Recirculating Farms Help New Orleans Eat Local

As New Orleans begins its second annual Eat Local Challenge, the Recirculating Farms Coalition celebrates the launch of a new rooftop garden in the heart of the city and urges more grocers, restaurateurs, and consumers to get involved in growing local food.

This evening, the NOLA Locavores and partners kicked off the Eat Local Challenge with a party on the rooftop of the new Rouses Market, a Louisiana owned grocery store, in downtown New Orleans. For the month of June, Eat Local Challenge participants pledge to eat only foods that come from within a 200-mile radius of the city. Although southern Louisiana is home to many farmers and fishermen who provide top-notch products, eating exclusively local is not easy.

A challenge like this highlights the need for more local food production, and recirculating farms are an excellent way to ramp up growing—especially since they can be built in virtually any setting.

Several recirculating farms are operating in and around New Orleans, and tonight’s Eat Local Challenge party marks the launch of another: Roots on the Rooftop, which will provide fresh herbs to Rouses Market for use in its prepared foods and for sale to customers. Designed and built by Aquaponics Modular Production Systems, a Recirculating Farms Coalition member, Roots on the Rooftop will grow plants in space-efficient vertical towers using a type of recirculating farming called aeroponics. In aeroponics, plants are suspended in air and roots are intermittently sprinkled with nutrient-rich water. The system will allow Rouses to use or sell the herbs grown on its rooftop soon after picking them.

Commissioner of Louisiana Department of Agriculture & Forestry, Mike Strain, spoke at the event. He was very supportive of recirculating farming and commended Rouses, AMPS and all the partners for being leaders in bringing more local fresh food to Louisiana. He praised the innovation and uniqueness of the rooftop farm and said he hoped to see more of the like in the future.

Farm to table local food is so fresh – and the Locavore Challenge highlights the many products we can get in around New Orleans. We are hoping the Challange and new rooftop garden will inspire other businesses and communities in New Orleans and beyond to create their own recirculating farms.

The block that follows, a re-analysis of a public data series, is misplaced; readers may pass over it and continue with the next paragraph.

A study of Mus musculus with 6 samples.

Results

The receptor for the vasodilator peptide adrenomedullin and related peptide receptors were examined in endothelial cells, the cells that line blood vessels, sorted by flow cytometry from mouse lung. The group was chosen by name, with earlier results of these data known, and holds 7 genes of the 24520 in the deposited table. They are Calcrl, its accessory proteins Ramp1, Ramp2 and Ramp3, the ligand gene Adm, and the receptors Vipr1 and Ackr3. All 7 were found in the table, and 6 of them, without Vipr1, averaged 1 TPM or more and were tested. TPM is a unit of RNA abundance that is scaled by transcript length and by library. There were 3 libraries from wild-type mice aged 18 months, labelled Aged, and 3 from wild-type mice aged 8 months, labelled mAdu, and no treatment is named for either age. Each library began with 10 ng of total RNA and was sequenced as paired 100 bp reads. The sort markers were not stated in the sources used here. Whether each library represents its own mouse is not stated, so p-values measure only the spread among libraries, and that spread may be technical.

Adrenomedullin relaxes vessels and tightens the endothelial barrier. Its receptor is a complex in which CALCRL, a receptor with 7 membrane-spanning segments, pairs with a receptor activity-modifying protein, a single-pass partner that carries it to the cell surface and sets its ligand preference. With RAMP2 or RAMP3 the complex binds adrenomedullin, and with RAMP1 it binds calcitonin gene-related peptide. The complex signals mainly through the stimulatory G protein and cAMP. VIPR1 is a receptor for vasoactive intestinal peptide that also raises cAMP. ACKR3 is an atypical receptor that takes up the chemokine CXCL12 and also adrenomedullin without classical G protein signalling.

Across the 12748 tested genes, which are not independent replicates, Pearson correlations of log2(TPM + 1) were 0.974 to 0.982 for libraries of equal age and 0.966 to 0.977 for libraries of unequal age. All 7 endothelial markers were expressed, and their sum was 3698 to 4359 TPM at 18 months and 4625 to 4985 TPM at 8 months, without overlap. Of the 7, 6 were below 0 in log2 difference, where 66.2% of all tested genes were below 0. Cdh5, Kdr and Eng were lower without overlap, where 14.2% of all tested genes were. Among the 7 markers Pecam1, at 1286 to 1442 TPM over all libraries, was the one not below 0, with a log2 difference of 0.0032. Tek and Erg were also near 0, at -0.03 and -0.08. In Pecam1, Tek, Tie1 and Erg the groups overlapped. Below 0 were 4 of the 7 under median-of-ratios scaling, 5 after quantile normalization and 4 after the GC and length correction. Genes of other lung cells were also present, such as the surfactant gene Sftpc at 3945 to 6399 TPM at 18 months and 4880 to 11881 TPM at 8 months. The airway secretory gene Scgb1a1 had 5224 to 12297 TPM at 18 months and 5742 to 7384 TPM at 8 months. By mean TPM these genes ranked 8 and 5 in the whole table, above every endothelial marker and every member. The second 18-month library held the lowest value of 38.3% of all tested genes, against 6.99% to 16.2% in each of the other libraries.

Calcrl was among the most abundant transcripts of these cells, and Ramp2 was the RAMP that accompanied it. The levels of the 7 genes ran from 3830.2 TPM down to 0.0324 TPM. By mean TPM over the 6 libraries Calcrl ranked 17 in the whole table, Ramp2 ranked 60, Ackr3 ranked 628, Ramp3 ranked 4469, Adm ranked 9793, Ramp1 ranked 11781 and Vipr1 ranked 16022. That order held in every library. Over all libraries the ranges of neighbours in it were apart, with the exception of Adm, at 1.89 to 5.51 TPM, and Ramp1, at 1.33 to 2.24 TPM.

Recirculating Farms Coalition Executive Director, Marianne Cufone is participating in the Eat Local Challenge and will be providing blogs, tweets and Facebook posts about how things are going throughout the month of June. Stay tuned!

 

Recirculating Farms Coalition ED Visits Northern Farms – Part I

After many weeks of working hard with local partners in and around New Orleans building community support for recirculating farms and farmers, it was time to hit the road and visit a few of the many recirculating farms around the U.S. (see some of them here on our new farm map!)

First stop – New York. There, we spent time at farms in Brooklyn and also further upstate in Mount Kisco.

In Brooklyn, I met up with our summer outreach and advocacy intern Mari Flora, and Paula Daniels, a Senior Advisor on Food Policy from the Los Angeles Mayor Antonio Villaraigosa’s office. Together, we visited Dr. Martin Schreibman at Brooklyn College where the Aquatic Research and Environmental Center is raising tilapia, horseshoe crabs and other critters in an indoor recirculating aquaculture lab. Brooklyn College also has several small-scale aquaponic systems growing peppers, lettuces, and herbs together with tilapia. Recently, the college added vermiculture (using worms to create nutrient-rich soil) for other growing projects and just completed a beautiful rooftop greenhouse. Joining us were Edward Schultz, Julia Schultz and Mike Kubis – hopeful new farmers from New Jersey, interested in building an aquaponic facility. We all spent the morning with Dr Schreibman, and then Paula, Mari and I headed out for an afternoon in Mount Kisco.

Mount Kisco is about an hour north of Manhattan. It has rolling hills, a fantastic downtown area and a metro north train station that takes you straight to Grand Central. It’s home to Cabbage Hill Farm – an idyllic non-profit family farm that includes traditional soil-grown produce, assorted well cared for animals and an aquaponic greenhouse.  (See our video here of Cabbage Hill Farm and also photos).

Barney Sponenberg is the manager of the aquaponic greenhouse at Cabbage Hill Farm.He’s growing a variety of greens – lettuces, herbs, chard, bok choi and more – and raising trout, tilapia, and bass. Barney shared with us his growing process, challenges, successes and ideas for how to improve the function of the recirculating system. Cabbage Hill Farm sells their produce and fish to various local restaurants and stores, as well as at farmers markets.

Stay tuned for our next stop – Chicago!